The City of Cape Town has denied accusations from a community activist that it destroyed street people’s shelters at Town Centre.
Pastor Dean Ramjoomia, from Nehemiah Call Initiative, sent the Plainsman videos and photographs that showed City Law Enforcement officers, accompanied by a truck with a mounted mechanical claw, clearing piles of cardboard, plastic, wood and fabric and broken furniture along First Avenue and Third Avenue, in Eastridge, on Wednesday March 15.
The Plainsman has previously seen people living in makeshift shelters fashioned from these materials at the site, but Law Enforcement spokesman Wayne Dyason said: “No structures were destroyed. Discarded plastic and cardboard were removed with the owner’s consent.”
He claimed the City had not needed to serve anyone with a notice of eviction as no eviction had taken place and no-one’s belongings had been removed.
“The City’s social development and early childhood development department conduct ongoing outreach work, offering alternative shelter and other forms of assistance. These offers are voluntary and no one can be compelled to accept assistance,” he said.
However, Mr Ramjoomia said seven people’s homes were “indiscriminately destroyed”, and a further five shelters had been destroyed opposite the day hospital and another two on the field along Wespoort Drive.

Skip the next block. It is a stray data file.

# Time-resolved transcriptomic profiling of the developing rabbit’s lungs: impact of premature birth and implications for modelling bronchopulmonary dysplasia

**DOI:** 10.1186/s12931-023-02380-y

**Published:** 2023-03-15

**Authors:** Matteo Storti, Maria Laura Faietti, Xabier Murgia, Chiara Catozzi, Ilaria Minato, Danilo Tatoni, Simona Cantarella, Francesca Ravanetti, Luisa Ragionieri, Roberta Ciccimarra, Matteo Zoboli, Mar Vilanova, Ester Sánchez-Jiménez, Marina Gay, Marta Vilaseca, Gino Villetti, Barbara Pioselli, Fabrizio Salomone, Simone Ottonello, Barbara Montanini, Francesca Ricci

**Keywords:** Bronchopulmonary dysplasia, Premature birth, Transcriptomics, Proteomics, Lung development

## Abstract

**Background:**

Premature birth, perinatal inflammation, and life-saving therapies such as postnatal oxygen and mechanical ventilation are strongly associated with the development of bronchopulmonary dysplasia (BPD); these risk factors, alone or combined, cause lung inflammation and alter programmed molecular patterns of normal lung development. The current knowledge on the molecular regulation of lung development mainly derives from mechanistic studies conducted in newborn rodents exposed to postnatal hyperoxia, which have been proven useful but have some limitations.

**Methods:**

“No eviction notice was served, and I specifically asked for it, and with abuse, they gave no answer while continuing with this illegal and unlawful action,” he said.
Mr Ramjoomia said Law Enforcement officers at the scene had told him they were responding to a complaint from the public.
“I regard it as an alleged claim, and no proof was given to us, the public, of actual evidence of a complaint,” he said. “That’s just a smokescreen for their ongoing onslaught against our people.”
Nehemiah Call Initiative, a civil society organisation, helps street people and works with U-turn Homeless Ministries, a non-government organisation supporting the homeless.
“Nehemiah Call Initiative demands that the City stop their illegal and unlawful operations and end human rights violations against people living on the streets across Mitchell’s Plain, which is in contravention of the Bill of Rights. While they break the law with impunity, they shout and scream at others to act lawfully,” said Mr Ramjoomia.
Danielle Louw, an attorney from activist group Ndifuna Ukwazi, said the City needed to follow the lawful eviction process and offer people alternative accommodation before starting eviction proceedings.
Those who had had their shelters destroyed and belongings confiscated were entitled to reclaim them from the City or claim compensation from the City for the violation of their rights.
“They can also open a charge of unlawful eviction with SAPS,” she said.